Mike Crowl’s comment on the previous post led me to Richard Giles’ somewhat controversial book Creating Uncommon Worship: Transforming the Liturgy of the Eucharist wherein Giles had this to say:
In every method of sharing communion there lurks a gremlin that needs to be named, and the name of the gremlin is intinction. This is an antisocial habit, which smacks of fear, arrogance and lack of faith, symptomatic of our not thinking what we are doing. It is a problem that needs to be addressed by the community, led by the pastor and his/her leadership team.
Although of ancient provenance (first springing out of the woodwork in the seventh century) it has been repeatedly condemned and outlawed by the Church. Fear of spilling the Precious Blood of Christ, or of catching the plague, may have made sense in the Middle Ages, but surely not today. It is a particularly grave misdemeanour for Anglicans and Lutherans, whose spiritual ancestors fought so hard in the Reformation period for the restoration to the people of communion in both kinds. How ironic if today we were to turn up our noses at the chalice!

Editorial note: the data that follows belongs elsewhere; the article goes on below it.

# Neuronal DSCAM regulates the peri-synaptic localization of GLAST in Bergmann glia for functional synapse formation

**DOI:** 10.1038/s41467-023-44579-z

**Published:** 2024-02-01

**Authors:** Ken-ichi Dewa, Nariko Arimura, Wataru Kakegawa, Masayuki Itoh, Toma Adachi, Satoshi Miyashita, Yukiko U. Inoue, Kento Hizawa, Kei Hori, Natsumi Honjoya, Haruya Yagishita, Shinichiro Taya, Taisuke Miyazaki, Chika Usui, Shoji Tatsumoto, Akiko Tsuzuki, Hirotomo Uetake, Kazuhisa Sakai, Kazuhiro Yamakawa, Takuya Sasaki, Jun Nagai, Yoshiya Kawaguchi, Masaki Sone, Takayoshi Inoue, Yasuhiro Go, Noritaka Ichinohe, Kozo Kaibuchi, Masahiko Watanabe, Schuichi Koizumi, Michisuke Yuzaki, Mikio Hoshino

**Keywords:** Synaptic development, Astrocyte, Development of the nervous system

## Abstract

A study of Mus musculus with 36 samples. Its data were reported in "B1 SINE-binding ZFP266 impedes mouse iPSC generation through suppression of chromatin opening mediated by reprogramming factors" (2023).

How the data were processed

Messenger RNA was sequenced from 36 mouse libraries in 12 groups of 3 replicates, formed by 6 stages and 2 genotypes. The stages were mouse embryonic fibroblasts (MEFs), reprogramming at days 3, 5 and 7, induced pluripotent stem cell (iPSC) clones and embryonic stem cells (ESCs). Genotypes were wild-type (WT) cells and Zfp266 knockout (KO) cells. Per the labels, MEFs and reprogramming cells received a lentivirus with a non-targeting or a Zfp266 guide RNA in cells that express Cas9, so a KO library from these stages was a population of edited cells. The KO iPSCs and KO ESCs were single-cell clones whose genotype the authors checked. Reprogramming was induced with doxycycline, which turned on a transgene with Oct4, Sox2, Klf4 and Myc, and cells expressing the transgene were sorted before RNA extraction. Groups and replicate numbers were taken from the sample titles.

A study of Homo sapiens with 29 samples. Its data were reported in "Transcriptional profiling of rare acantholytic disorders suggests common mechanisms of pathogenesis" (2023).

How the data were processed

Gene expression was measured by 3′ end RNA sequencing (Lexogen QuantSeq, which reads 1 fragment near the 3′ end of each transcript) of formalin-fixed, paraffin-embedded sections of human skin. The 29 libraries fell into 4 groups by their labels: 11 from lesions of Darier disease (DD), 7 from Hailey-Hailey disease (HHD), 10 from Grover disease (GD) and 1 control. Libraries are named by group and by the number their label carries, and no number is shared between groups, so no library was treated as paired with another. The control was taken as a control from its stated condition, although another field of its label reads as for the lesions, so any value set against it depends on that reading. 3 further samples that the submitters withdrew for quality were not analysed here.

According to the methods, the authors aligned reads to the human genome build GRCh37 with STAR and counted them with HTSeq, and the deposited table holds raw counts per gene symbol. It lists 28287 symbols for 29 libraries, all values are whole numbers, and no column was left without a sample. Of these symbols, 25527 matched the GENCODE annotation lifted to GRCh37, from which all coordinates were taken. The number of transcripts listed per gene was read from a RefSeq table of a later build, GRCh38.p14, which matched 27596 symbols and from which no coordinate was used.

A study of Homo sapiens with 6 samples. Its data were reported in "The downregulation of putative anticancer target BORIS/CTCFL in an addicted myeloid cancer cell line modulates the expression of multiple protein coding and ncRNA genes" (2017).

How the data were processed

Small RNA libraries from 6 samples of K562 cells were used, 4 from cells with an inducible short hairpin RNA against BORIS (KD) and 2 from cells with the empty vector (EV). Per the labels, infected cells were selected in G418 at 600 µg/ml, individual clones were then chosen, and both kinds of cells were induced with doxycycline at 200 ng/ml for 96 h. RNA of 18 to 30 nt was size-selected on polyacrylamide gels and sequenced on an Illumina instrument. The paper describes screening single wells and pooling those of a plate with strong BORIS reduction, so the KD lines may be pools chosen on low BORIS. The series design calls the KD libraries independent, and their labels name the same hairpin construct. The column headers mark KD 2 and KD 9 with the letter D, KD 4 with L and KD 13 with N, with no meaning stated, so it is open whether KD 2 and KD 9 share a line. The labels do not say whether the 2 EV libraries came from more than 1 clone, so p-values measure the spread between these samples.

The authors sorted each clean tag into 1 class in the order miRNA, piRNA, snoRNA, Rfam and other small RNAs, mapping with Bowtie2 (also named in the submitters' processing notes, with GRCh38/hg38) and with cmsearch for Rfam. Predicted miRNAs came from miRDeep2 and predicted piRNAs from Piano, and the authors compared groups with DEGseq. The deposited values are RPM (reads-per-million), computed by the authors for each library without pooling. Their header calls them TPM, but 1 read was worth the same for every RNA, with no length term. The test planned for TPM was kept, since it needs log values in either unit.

Intinction poses two problems, theological and practical:
1. The common cup has always been a potent symbol of the bond between disciple and Lord. The passing of the cup is a dramatic feature of the gospel accounts of the Last Supper, and those who would be close to him are challenged, as were James and John, with the question, ‘Are you able to drink the cup that I drink?’ (Mark 10.38)
2. It leaves such a mess for those who come after, especially so in the era of real bread, when those who instinct reduce the contents of the chalice to a soup.
The remedy lies in a renewed education of congregations about the history of the sacrament, the privilege of the common cup, and its safety on health grounds. We also need a few more pastors who will slap wrists. (pp. 200–1)
An undercooked theology? An over-reaction? Or both?